Floridians face possible fraudulent FEMA claims made in their names

- If someone claiming to be a FEMA inspector shows up at your door without warning, the agency says the worker may be legit – it’s the claim that may be fraud.

Leaders with the Federal Emergency Management Agency warned Tuesday that all of the recent hurricane damage has increased the risk for people filing false damage claims using other peoples’ information.

Dessteny Carden of Orlando may have encountered just that when an inspector came to her door recently following up on a claim filed by her roommate, Charles. The only problem, she says, Charles died unexpectedly about a month before Hurricane Irma hit.

“I'm like, 'that's unusual, because he's deceased,” said Carden. "He was like, 'well we have a FEMA claim from him.'"

At first she worried that the inspector wasn’t who he said he was, and those worries were only made worse when she took to social media. On a local Facebook group, she found several other people posting that someone came to their door claiming to be following up on a FEMA claim they never made. One woman said the man said it came from her husband but he hadn’t filed anything, nor did they have any storm damage.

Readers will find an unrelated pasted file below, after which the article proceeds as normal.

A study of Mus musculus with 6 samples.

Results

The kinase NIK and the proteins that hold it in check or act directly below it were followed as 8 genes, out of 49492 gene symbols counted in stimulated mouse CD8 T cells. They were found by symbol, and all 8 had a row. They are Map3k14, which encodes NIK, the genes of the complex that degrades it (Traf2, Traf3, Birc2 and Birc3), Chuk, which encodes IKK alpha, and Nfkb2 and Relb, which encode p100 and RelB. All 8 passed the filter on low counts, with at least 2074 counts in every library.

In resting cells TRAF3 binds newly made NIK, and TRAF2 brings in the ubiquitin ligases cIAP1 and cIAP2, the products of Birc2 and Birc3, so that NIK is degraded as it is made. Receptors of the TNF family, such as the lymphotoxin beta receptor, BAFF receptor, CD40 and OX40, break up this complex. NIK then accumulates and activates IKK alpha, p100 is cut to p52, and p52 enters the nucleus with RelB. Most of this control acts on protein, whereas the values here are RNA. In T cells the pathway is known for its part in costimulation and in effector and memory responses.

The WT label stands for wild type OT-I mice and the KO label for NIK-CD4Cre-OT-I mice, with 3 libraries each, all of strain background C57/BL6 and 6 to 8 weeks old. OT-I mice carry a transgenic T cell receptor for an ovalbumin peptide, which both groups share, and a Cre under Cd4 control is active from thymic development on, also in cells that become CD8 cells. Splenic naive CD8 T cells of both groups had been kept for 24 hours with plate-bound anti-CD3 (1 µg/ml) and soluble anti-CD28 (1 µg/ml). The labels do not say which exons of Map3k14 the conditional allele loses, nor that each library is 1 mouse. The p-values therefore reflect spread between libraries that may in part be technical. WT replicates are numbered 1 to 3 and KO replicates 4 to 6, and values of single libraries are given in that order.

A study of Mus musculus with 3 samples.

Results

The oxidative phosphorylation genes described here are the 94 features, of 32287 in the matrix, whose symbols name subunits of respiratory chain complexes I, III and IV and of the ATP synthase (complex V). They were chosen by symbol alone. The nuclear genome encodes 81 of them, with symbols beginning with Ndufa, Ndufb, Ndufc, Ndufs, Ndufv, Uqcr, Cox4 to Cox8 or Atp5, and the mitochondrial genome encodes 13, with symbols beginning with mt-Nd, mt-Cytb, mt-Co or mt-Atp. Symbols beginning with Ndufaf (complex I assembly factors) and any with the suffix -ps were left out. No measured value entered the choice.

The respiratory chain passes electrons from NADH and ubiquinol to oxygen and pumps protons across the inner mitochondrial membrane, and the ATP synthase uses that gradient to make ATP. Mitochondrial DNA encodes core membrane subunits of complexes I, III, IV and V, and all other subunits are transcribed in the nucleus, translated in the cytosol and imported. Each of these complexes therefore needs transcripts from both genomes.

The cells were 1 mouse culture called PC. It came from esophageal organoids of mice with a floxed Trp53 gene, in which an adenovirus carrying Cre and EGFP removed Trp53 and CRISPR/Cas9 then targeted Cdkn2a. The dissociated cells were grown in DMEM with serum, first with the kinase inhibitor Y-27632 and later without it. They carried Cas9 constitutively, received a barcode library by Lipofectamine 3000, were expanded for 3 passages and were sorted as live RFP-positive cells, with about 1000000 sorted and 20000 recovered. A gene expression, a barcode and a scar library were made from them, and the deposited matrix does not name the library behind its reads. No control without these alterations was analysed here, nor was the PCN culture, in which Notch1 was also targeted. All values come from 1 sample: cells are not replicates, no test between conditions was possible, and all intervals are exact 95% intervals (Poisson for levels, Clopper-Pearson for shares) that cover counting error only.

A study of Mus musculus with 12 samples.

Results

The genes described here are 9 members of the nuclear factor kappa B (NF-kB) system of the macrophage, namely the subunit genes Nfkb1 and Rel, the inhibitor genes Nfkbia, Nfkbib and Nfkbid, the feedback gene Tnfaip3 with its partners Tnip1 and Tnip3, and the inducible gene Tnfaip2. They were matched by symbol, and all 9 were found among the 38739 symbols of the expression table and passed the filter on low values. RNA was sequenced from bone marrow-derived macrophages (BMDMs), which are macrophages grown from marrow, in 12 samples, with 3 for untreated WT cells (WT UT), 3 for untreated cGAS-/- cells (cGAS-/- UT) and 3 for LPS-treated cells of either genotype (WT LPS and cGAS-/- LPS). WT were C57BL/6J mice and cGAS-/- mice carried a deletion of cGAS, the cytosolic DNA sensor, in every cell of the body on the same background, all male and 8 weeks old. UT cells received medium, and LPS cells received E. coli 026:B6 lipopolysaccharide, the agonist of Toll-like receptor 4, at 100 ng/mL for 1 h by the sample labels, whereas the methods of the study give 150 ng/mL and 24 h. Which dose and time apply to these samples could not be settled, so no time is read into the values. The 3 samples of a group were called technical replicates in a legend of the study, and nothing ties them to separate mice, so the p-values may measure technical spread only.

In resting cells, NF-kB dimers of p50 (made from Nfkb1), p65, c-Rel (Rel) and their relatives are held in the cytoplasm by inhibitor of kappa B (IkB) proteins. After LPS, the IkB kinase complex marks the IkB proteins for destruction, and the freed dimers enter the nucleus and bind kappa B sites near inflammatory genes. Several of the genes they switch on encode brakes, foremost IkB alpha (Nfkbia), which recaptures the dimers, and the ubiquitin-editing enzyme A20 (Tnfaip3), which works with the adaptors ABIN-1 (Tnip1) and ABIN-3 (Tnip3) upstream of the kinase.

Same for Carden; she said her house was barely touched by Irma.  She said she contacted FEMA and found the same thing we did: the company the inspector had credentials for is contracted to inspect damage claims for FEMA. Carden and others said the man had FEMA credentials too.

FEMA representative David Burns said the agency’s inspectors don’t come to your door unless you’ve filed a claim, so the situation sounds more like a different problem: fraudulent claims.

"Obviously if you are home and did not submit a claim, there's a possibility someone did submit a fraudulent claim on your behalf,” said Burns.
Burns said someone may do that to get emergency grant money meant to help actual victims. 
The agency has added security to their claims process to avoid such fraud, but Burns said with the massive number of claims coming in from the storms it’s very possible that people are taking advantage.
FEMA asks anyone who believes a claim may have been made in their name fraudulently to report it immediately to the National Center for Disaster Fraud at (866) 720-5721 or via email at disaster@leo.gov.

The agency also recommends you check with your credit card companies and credit bureaus for other potential fraud committed in your name.

After all, Carden said the claim had information like her late roommate’s birthday. She worries what else may have been attempted in his name.

"The whole thing is unbelievable!" said Carden.

Burns said submitting a fraudulent FEMA claim is a federal offence punishable by 30 years in prison and up to a quarter million dollars in fines.

He also encourages residents to be careful that inspectors coming to their home are real. He says all inspectors will have FEMA identification and they will never ask for money. If you’re uncertain about an inspector, contact police just in case.